Q. My son doesn't want to take honors courses next year because he'd rather be with his friends in the regular classes. Should I let him?
A. I know it seems like your son is sacrificing his education to hang with his friends. But it's not that simple. In our culture boys are constantly being told not to care too much about anything, and taking honors classes definitely fits into this category. So don't talk about how he's ruining his future. Instead, give him an incentive -- think of an honors subject he really cares about and have him write a list of the pros and cons of taking it. Then let him choose. You can force him to take the class, but you can't make him do the work.
Q. My son and daughter-in-law constantly nag their 10-year-old about what he eats and how much he weighs. I know this is not the best way to go about things. How can I help my grandson without stepping on too many toes?
A. You're right. Your grandson doesn't need nagging -- or bribes, for that matter -- but healthy family dinners and people who model eating slowly (so he learns to detect when his stomach is full). And he should engage in physical activities that allow him to achieve his correct weight as a natural consequence of the fun he's having. I realize you can't tell him this, but you can show him. Your grandson, at 10, is a prime candidate for a martial arts class. So why don't the two of you check out a couple of schools and enroll him in one for three months. Ideally, he'll like it so much his parents will pay for the classes after that. I used to teach karate, so just a few words on the kind of teacher (true for any coach) you're looking for: You want someone who encourages hard work, sets clear goals, and demands the kids support one another. And he should never brag about his own exploits or put students down because of their physical abilities or weight.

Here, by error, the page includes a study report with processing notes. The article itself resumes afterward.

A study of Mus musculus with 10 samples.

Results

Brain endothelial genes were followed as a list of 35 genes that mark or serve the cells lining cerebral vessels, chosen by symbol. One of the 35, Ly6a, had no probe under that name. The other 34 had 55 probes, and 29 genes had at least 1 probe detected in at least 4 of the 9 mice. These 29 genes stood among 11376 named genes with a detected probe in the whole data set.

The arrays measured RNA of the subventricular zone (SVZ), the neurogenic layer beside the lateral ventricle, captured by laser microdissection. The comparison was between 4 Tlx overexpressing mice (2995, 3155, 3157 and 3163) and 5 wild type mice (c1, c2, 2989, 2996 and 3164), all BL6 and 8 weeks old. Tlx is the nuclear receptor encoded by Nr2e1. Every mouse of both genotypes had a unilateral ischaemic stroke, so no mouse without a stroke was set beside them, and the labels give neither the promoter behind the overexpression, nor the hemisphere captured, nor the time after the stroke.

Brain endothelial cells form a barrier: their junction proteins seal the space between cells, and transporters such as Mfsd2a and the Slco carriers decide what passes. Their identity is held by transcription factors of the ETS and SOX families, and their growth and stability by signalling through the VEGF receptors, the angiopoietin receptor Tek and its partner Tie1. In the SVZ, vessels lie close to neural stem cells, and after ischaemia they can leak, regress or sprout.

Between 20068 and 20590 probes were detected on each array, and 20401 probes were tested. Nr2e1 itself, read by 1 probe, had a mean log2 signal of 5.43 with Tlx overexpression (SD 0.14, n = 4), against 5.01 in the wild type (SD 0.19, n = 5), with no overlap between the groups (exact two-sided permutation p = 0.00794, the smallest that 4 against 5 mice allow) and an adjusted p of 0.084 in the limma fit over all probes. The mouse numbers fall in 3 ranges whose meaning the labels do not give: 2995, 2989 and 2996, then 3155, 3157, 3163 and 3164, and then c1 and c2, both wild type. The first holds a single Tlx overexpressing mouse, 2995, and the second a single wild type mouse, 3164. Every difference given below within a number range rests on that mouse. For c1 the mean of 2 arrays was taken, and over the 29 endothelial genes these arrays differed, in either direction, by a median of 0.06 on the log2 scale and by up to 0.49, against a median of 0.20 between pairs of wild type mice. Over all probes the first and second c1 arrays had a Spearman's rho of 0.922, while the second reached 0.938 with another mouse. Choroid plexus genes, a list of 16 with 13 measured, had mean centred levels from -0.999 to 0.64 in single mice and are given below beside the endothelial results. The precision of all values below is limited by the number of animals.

Q. I have full custody of my 14-year-old, and I'm engaged to a man with full custody of his three teens. How can we help everyone get along?
A. Well, there's nothing like a challenge to start a marriage off on the right foot! I'd call a group meeting where you and your fiance present a united front and each reiterate your love for your children, recognize that this can be a stressful situation, and ask the kids to share their hopes and concerns. Then one of you says, "We want a new family in which everyone feels valued and respected, but it obviously won't work without your help. When someone gets on your last nerve, we want you to speak to the person directly and tell him or her exactly what's bothering you and give possible solutions. And if an issue impacts us all, any one of us can call a family meeting where we'll do the same thing. It may be hard, but this way we can build a family we can all be proud of."Rosalind Recommends
When I speak in schools, parents and teachers always ask about dealing with children who are discipline problems. I believe giving these kids support and understanding helps everybody, which is why I really like Lost at School, by Ross W. Greene, PhD. (Scribner). It gives strategies to help all students have a safe and successful school experience and offers lots of insight into what good teaching really is.
Originally published in the May 2009 issue of Family Circle magazine.